Bill when you mix up your medium do you make just a little bit just for the day, or do you mix up a big batch in a bottle or a jar. I really am going to do this. I would prefer to mix up a big bunch but if it gets thick or a skin or something I won't do that.
Also do you use this to seal the painting after it dries?
I mix up an ounce or two, of my medium, and I store it in an empty, discarded, medium jar, with an airtight lid. It keeps for a very long time, and when I find it getting low in the jar, I mix some more, and just pour it in on top of the remaining medium in the jar.
I buy a bunch of those little plastic medicine cups from the drug store--the kind that have a dozen "increments" on the side.....mg, oz, drams, teaspoons, etc., etc.
I use "drams to measure my ingredients. I pour 2 drams of Linseed Oil into the cup. Then I pour another 2 drams of Walnut Oil into the cup, bringing it up to 4 drams. Then I scoop out some of the very thick, viscous, Venice Turpentine with a palette knife, and place that into the measuring cup. After a time or two, it is very easy to estimate how much is required to bring the final measurement up to 6 drams. (That represents 1 portion of Linseed, 1 portion of Walnut, and 1 portion of Venice Turpentine.)
I mix these ingredients while they are in the medicine cup, stirring it with my palette knife (the one with the Venice Turpentine clinging to it). When it is thoroughly mixed, I pour this into my "reservoir" container (the discarded medium jar). Then, I pour enough Oil Of Spike into my measuring cup to make 4 drams (this represents 2 portions of Oil of Spike).
I stir this, around, basically for the purpose of cleaning the resin off my knife, and rinsing the measuring cup. Then, I pour this into my reservoir jar.
I cap it up, and shake it until it represents a homogenous mixture, with no striations being evident.
This is my painting medium. To use it, I pour about a half teaspoon of it into my medium cup clipped to my palette.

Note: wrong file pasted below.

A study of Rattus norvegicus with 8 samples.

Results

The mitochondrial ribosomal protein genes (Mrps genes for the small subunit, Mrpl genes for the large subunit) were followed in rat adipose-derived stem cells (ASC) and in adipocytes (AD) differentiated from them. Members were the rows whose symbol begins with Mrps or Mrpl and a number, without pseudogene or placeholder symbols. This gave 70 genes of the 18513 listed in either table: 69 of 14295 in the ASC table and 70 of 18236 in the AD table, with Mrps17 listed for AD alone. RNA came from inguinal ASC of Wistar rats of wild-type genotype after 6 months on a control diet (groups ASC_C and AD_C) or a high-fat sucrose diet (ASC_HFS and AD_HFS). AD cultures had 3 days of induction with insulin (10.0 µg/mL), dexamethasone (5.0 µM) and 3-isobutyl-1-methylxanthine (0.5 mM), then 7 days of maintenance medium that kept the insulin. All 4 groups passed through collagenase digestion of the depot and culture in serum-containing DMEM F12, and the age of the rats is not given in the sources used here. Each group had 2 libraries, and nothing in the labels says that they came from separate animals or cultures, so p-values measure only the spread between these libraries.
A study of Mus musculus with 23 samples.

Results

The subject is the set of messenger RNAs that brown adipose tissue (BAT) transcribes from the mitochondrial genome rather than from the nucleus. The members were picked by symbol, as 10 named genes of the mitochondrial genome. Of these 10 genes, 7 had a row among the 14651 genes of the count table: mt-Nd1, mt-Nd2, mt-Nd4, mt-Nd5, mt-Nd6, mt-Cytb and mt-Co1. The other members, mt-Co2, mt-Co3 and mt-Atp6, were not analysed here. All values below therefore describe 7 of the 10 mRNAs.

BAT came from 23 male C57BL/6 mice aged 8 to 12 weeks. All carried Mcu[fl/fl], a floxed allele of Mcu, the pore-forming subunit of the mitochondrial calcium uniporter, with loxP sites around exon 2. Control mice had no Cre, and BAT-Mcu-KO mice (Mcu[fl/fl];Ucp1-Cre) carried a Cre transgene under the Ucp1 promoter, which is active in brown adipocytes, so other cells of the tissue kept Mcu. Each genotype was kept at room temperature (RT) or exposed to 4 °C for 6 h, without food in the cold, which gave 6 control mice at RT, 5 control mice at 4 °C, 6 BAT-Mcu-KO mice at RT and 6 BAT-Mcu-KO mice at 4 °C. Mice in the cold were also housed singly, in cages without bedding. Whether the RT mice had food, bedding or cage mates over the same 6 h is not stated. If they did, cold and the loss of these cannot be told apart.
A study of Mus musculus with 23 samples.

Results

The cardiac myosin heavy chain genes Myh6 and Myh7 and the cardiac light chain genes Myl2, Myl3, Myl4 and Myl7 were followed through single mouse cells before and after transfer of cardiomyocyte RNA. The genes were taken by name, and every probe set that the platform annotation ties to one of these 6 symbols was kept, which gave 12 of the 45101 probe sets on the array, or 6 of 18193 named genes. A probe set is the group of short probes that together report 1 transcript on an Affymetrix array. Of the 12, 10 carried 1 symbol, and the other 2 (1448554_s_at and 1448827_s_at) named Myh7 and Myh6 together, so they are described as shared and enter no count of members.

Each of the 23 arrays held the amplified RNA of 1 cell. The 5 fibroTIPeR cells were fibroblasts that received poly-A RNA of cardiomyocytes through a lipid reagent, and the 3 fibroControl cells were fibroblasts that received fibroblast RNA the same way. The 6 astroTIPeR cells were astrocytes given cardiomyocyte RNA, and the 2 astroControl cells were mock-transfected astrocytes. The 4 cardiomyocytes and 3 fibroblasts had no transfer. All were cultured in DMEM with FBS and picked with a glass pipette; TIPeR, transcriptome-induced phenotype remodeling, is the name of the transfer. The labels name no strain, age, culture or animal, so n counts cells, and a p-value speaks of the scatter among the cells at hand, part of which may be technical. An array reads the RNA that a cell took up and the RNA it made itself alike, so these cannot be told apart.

It is smooth in its flow, it is relatively non-toxic, it is slow-drying on the palette, yet it dries usually within one, or two days once applied to the canvas, it smells absolutely wonderful, and it is rather expensive. However, you only use a bare minimum of it when painting, so the cost gets rather "spread out" over several paintings.
Be careful.....there are some "imitation" versions of Venice Turpentine, with Shiva being one with which I am familiar. That stuff is NOT real, bona-fide, Venice Turpentine. Venice Turpentine is the unadulterated sap of a Larch Tree. The real stuff has a rather pleasant, "fruity" smell. It should NOT smell like Distilled Spirits of Gum Turpentine.
I purchase mine from a U. S. outlet of the Zecchi Art Company, in Florence, Italy. Jim and Jody Wahab, at Baden Treehouse in N. Carolina handles the Venice Turpentine.
It is not a good idea to use this, or ANY "painting medium" as a "final varnish". Final varnishes need to be removable, and must not bond, or cross-link with the surface of the painting under which it is being applied [as this medium will]. The reason is that all final varnishes yellow with age, and after many years, you want your varnish to be removable, and not become bonded with the surface of the painting. Mediums should be used within the painting; varnishes should be applied over the painting.